Biotin-responsive basal ganglia disease-linked mutations inhibit thiamine transport via hTHTR2

Biotin is not a substrate for hTHTR2

Veedamali S. Subramanian, Jonathan S Marchant, Hamid M. Said


Abstract

The water-soluble micronutrient thiamine is required for normal tissue growth and development in humans. Thiamine is accumulated into cells through the activity of two cell surface thiamine transporters (hTHTR1 and hTHTR2), which are differentially targeted in polarized tissues. Mutational dysfunction of hTHTR1 is associated with the clinical condition of thiamine-responsive megaloblastic anemia: the symptoms of which are alleviated by thiamine supplementation. Recently, two hTHTR2 mutants (G23V, T422A) have been discovered in clinical kindreds manifesting biotin-responsive basal ganglia disease (BBGD): the symptoms of which are alleviated by biotin administration. Why then does mutation of a specific thiamine transporter isoform precipitate a disorder correctable by exogenous biotin? To investigate the suggestion that hTHTR2 can physiologically function as a biotin transporter, we examined 1) the cell biological basis of hTHTR2 dysfunction associated with the G23V and T422A mutations and 2) the substrate specificity of hTHTR2 and these clinically relevant mutants. We show that the G23V and T422A mutants both abrogate thiamine transport activity rather than targeting of hTHTR2 to the cell surface. Furthermore, biotin accumulation was not detectable in cells overexpressing either the full length hTHTR2 or the clinically relevant hTHTR2 mutants, yet was demonstrable in the same assay using cells overexpressing the human sodium-dependent multivitamin transporter, a known biotin transporter. These results cast doubt on the most parsimonious explanation for the BBGD phenotype, namely that hTHTR2 is a physiological biotin transporter.

Original languageEnglish (US)
JournalAmerican Journal of Physiology - Cell Physiology
Volume291
Issue number5
DOIs
StatePublished - Nov 23 2006

Biotin
Mutation
Substrates
Tissue
Megaloblastic Anemia
Micronutrients
Substrate Specificity
Biotin-responsive basal ganglia disease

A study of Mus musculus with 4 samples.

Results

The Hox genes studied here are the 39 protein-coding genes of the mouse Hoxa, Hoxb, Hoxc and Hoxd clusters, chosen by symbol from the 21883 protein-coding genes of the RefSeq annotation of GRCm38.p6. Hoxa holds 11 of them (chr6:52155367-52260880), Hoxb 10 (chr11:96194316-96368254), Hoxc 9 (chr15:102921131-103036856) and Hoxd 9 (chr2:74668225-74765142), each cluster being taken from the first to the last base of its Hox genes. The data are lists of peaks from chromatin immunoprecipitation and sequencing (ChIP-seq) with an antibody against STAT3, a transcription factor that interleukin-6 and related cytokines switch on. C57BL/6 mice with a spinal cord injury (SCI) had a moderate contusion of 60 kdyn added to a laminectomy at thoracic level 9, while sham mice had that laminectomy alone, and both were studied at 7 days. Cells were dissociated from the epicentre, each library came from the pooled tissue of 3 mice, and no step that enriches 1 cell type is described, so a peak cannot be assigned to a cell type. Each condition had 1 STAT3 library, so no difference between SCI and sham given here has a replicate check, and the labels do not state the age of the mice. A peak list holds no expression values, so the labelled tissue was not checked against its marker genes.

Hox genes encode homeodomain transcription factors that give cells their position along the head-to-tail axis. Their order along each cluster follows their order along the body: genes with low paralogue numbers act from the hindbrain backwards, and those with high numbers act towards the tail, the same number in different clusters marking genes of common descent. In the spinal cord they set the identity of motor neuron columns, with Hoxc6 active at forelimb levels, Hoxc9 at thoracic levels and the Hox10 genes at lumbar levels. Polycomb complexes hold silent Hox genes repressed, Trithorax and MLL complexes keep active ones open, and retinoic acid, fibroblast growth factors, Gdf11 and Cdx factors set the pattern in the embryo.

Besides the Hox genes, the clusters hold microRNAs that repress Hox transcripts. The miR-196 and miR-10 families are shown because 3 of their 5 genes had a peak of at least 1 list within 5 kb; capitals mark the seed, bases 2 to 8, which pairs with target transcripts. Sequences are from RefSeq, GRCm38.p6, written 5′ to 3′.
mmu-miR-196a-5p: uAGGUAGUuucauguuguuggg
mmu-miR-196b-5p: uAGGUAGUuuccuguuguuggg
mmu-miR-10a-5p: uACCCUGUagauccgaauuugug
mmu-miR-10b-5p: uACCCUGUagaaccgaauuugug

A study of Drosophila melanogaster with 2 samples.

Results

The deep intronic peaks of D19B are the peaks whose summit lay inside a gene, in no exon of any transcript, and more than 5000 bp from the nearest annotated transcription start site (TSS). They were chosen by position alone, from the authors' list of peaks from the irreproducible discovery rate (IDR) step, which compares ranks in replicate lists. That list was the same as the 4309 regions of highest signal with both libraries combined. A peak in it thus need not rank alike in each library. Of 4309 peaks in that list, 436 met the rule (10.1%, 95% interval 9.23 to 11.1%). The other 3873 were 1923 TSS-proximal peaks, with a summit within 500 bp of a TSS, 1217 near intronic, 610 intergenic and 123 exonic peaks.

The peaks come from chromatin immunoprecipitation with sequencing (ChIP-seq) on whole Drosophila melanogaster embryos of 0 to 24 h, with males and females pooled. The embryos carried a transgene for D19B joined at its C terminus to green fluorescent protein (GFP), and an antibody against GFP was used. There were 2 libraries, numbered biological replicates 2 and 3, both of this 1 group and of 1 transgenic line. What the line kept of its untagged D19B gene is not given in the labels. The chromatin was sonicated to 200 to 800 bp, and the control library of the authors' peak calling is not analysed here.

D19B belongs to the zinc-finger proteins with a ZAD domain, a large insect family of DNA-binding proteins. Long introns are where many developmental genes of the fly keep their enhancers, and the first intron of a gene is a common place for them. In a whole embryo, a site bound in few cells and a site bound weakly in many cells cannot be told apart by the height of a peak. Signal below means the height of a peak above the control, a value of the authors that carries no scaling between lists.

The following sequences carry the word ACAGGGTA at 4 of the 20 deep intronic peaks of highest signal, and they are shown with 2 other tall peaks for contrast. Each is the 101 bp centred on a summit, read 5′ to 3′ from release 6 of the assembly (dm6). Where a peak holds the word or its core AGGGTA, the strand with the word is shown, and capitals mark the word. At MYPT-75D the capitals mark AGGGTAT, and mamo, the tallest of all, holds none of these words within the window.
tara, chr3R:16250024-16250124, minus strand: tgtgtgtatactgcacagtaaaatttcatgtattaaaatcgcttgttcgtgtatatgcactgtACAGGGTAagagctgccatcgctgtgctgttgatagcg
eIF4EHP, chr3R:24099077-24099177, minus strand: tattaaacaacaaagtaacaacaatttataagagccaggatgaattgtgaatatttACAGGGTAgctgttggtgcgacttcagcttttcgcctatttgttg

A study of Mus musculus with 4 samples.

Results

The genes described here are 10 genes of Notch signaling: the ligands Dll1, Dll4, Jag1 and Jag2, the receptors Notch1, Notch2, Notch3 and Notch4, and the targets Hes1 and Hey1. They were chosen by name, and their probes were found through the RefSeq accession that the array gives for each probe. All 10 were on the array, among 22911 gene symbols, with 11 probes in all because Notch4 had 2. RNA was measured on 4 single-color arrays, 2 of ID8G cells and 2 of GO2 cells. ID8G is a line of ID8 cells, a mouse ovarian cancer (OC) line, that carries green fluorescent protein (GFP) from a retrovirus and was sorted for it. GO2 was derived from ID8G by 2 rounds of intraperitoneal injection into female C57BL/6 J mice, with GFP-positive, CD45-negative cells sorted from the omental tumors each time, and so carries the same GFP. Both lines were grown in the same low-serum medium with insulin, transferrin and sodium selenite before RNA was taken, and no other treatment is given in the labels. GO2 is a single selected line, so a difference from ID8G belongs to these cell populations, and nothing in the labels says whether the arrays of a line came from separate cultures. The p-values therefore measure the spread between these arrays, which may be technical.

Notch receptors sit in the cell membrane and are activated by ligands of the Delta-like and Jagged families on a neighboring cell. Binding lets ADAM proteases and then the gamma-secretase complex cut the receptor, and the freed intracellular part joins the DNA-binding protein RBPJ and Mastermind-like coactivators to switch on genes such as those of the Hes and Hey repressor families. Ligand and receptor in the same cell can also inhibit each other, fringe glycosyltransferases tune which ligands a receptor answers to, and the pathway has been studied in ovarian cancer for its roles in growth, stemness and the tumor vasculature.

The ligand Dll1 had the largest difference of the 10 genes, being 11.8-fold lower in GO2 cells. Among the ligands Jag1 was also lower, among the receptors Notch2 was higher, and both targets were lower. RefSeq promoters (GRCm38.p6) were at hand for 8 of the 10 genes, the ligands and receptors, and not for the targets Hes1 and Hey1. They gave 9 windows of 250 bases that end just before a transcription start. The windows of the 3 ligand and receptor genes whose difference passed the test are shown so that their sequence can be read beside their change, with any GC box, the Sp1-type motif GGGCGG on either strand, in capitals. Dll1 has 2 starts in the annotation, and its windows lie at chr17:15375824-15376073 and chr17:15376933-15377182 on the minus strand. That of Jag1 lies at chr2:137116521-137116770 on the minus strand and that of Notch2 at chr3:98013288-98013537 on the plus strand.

Growth and Development
Precipitates
Assays
Protein Isoforms
Cells
Phenotype
biotin transporter
Water

Keywords

  • Polarity
  • Transporter
  • Vitamin

Cite this

abstract = "The water-soluble micronutrient thiamine is required for normal tissue growth and development in humans. Thiamine is accumulated into cells through the activity of two cell surface thiamine transporters (hTHTR1 and hTHTR2), which are differentially targeted in polarized tissues. Mutational dysfunction of hTHTR1 is associated with the clinical condition of thiamine-responsive megaloblastic anemia: the symptoms of which are alleviated by thiamine supplementation. Recently, two hTHTR2 mutants (G23V, T422A) have been discovered in clinical kindreds manifesting biotin-responsive basal ganglia disease (BBGD): the symptoms of which are alleviated by biotin administration. Why then does mutation of a specific thiamine transporter isoform precipitate a disorder correctable by exogenous biotin? To investigate the suggestion that hTHTR2 can physiologically function as a biotin transporter, we examined 1) the cell biological basis of hTHTR2 dysfunction associated with the G23V and T422A mutations and 2) the substrate specificity of hTHTR2 and these clinically relevant mutants. We show that the G23V and T422A mutants both abrogate thiamine transport activity rather than targeting of hTHTR2 to the cell surface. Furthermore, biotin accumulation was not detectable in cells overexpressing either the full length hTHTR2 or the clinically relevant hTHTR2 mutants, yet was demonstrable in the same assay using cells overexpressing the human sodium-dependent multivitamin transporter, a known biotin transporter. These results cast doubt on the most parsimonious explanation for the BBGD phenotype, namely that hTHTR2 is a physiological biotin transporter.",

AU - Subramanian, Veedamali S.

AU - Marchant, Jonathan S

AU - Said, Hamid M.


AB - The water-soluble micronutrient thiamine is required for normal tissue growth and development in humans. Thiamine is accumulated into cells through the activity of two cell surface thiamine transporters (hTHTR1 and hTHTR2), which are differentially targeted in polarized tissues. Mutational dysfunction of hTHTR1 is associated with the clinical condition of thiamine-responsive megaloblastic anemia: the symptoms of which are alleviated by thiamine supplementation. Recently, two hTHTR2 mutants (G23V, T422A) have been discovered in clinical kindreds manifesting biotin-responsive basal ganglia disease (BBGD): the symptoms of which are alleviated by biotin administration. Why then does mutation of a specific thiamine transporter isoform precipitate a disorder correctable by exogenous biotin? To investigate the suggestion that hTHTR2 can physiologically function as a biotin transporter, we examined 1) the cell biological basis of hTHTR2 dysfunction associated with the G23V and T422A mutations and 2) the substrate specificity of hTHTR2 and these clinically relevant mutants. We show that the G23V and T422A mutants both abrogate thiamine transport activity rather than targeting of hTHTR2 to the cell surface. Furthermore, biotin accumulation was not detectable in cells overexpressing either the full length hTHTR2 or the clinically relevant hTHTR2 mutants, yet was demonstrable in the same assay using cells overexpressing the human sodium-dependent multivitamin transporter, a known biotin transporter. These results cast doubt on the most parsimonious explanation for the BBGD phenotype, namely that hTHTR2 is a physiological biotin transporter.